So far the dim sum market has run remarkably smoothly. Much of the issuance though has come from Chinese banks whose ratings almost touch that of the sovereign.
But how safe are these bonds? China's finances are not as robust as the headlines suggest. There is vast debt held at the municipal level that is increasingly coming under scrutiny by economists and analysts. Defaults in this sphere could seriously harm China's banks and, therefore, the value of the yuan bonds they issue in Hong Kong.
Dong Tao, chief Asia economist at Credit Suisse, says that local government debt is the biggest problem the facing the country he has seen in all his years watching China.
'It is a time bomb waiting to explode,' says Tao. ' We believe that the central government will need to separate the local government's bank debt from banks' balance sheets and recapitalise the banks.'
No one expects a big state bank to default on its debt anytime soon. Nevertheless, the institutions might be far more exposed to bad debt than their quasi-sovereign credit ratings suggest. A consideration, perhaps, when an investor is presented with yet another bond from a mainland financial at a razor-thin yield.
The central government remains closely involved in the affairs of the mainland banking industry, a fact that cuts both ways for bond investors.
When they are speaking honestly and off the record, many stock analysts express concern about how the government directs the lending of mainland banks to suit state policies, and not necessarily according to the suitability of the borrower.
Pressure from the state on banks to lend to preferred entities, regardless of these entities' ability to repay their debts, has contributed to a growing problem of non-performing loans. Just as much, however, banks' relationship with the state suggests the strong possibility of a government bailout should the banking sector turn get in trouble (as, indeed, was seen in the early 2000s when the state massively recapitalised the big banks' fractured balance sheets in preparation for their international listings).
That is just as well, as the Chinese banking sector has been a main target for bears on the Chinese economy. Much of the concern dwells on the money banks have lent to municipal governments. Vast amounts of capital were injected into the local economy as stimulus lending in 2009 at the request of the central government, to ensure the global recession did not consume China.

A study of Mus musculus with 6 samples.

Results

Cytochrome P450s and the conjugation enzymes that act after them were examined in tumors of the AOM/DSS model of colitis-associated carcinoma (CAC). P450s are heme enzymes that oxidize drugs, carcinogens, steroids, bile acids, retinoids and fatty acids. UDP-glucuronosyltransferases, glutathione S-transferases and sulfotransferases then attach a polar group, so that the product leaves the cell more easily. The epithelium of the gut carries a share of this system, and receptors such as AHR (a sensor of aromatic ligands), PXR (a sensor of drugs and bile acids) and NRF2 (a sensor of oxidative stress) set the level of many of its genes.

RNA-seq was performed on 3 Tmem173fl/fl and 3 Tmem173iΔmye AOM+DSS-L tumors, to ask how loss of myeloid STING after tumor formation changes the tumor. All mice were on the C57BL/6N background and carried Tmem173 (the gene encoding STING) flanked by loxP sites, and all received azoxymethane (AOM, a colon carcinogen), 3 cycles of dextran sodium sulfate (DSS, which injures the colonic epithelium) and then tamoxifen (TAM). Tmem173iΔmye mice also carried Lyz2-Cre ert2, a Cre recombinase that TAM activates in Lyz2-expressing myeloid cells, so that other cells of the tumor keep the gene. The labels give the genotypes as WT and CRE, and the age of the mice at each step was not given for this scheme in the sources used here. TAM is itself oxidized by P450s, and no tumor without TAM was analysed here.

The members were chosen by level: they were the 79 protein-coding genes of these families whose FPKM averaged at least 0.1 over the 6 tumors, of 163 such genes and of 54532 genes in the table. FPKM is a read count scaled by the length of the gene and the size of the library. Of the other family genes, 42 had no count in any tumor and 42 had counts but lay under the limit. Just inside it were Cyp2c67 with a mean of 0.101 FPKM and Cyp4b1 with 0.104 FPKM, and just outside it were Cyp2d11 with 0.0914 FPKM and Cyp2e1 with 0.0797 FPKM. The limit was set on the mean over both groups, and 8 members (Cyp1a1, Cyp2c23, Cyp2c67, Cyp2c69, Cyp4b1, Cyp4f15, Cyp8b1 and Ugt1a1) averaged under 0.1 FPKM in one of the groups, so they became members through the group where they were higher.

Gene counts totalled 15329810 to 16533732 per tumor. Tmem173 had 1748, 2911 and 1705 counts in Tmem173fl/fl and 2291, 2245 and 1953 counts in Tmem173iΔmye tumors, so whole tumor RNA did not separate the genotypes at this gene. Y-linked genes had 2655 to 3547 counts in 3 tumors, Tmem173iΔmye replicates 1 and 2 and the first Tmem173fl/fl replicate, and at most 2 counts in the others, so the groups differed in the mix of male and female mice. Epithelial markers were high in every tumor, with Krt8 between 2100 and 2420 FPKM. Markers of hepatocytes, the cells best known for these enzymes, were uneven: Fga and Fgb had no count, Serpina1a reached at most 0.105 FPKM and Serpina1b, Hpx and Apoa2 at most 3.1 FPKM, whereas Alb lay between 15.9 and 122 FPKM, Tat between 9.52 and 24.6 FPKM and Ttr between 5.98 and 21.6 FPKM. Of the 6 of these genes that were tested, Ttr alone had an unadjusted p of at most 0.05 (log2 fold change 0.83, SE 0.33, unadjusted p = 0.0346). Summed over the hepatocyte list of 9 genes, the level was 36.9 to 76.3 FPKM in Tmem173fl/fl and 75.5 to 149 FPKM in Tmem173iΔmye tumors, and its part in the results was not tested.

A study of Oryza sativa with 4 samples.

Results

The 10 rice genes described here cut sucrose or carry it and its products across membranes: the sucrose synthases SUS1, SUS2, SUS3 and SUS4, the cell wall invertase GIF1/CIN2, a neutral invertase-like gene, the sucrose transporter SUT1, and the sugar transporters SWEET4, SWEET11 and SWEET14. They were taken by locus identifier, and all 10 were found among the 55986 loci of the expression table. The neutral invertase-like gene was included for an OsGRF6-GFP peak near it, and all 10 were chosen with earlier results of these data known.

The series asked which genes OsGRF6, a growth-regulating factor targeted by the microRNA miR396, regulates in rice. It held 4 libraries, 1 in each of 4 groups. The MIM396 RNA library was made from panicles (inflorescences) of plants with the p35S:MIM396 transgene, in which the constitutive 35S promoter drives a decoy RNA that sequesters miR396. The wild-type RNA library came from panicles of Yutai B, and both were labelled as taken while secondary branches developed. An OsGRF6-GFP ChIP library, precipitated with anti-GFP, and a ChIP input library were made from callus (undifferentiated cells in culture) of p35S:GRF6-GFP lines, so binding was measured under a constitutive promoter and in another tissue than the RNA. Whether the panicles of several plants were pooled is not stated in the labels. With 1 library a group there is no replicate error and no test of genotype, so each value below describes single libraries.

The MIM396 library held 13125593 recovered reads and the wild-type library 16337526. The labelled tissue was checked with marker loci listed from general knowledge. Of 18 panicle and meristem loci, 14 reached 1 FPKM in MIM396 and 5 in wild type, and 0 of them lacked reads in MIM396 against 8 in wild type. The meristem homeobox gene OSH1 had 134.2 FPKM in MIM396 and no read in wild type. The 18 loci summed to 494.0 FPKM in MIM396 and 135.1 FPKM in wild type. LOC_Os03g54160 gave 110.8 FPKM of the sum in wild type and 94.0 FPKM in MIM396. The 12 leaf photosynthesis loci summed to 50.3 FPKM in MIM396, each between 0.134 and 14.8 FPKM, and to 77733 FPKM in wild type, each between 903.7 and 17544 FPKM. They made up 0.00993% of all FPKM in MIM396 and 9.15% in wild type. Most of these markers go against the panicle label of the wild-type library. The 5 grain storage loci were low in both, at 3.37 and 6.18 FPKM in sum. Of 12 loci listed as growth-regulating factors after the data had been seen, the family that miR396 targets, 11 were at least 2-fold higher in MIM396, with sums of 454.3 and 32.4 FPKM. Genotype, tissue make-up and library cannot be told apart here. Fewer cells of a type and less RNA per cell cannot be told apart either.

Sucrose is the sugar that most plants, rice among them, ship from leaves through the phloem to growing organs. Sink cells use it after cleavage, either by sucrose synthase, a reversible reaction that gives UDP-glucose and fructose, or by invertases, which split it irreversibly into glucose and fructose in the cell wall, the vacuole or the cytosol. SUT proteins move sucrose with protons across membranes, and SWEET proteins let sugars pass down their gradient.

The numbers quickly become too large to be meaningful, but they bear reviewing.
Stephen Green, Standard Chartered's head of Greater China research, reckons the value of debts Chinese lenders have given to local governments that will turn bad could be four trillion to six trillion yuan (HK$4.88 trillion to HK$7.32 trillion).
Moody's analyst Yi Zhang says up to 18 per cent of the loans in the mainland banking system could be non-performing.
In June, China's National Audit Office estimated that local governments had run up over 10.7 trillion yuan of debt by the end of last year, and warned that some Chinese provinces would struggle to repay it.
'Banks' exposure to local government borrowers is greater than we anticipated,' says Zhang of Moody's. Chinese local government debt could be under-estimated by 3.5 trillion yuan, she says.
So can investors largely ignore the warnings of analysts on the health of the Chinese banking sector? Who pays for the likely hole in the books of several local governments? The local government, banks or central government?
Such complexities may ultimately be of much more relevance for those invested in mainland bank shares than in their bonds. But for Hongkongers who are about to be offered billions in bank bonds, the abstract issues of who directs the lending of mainland banks and who ultimately picks up the bill for any default, may become a very concrete matter.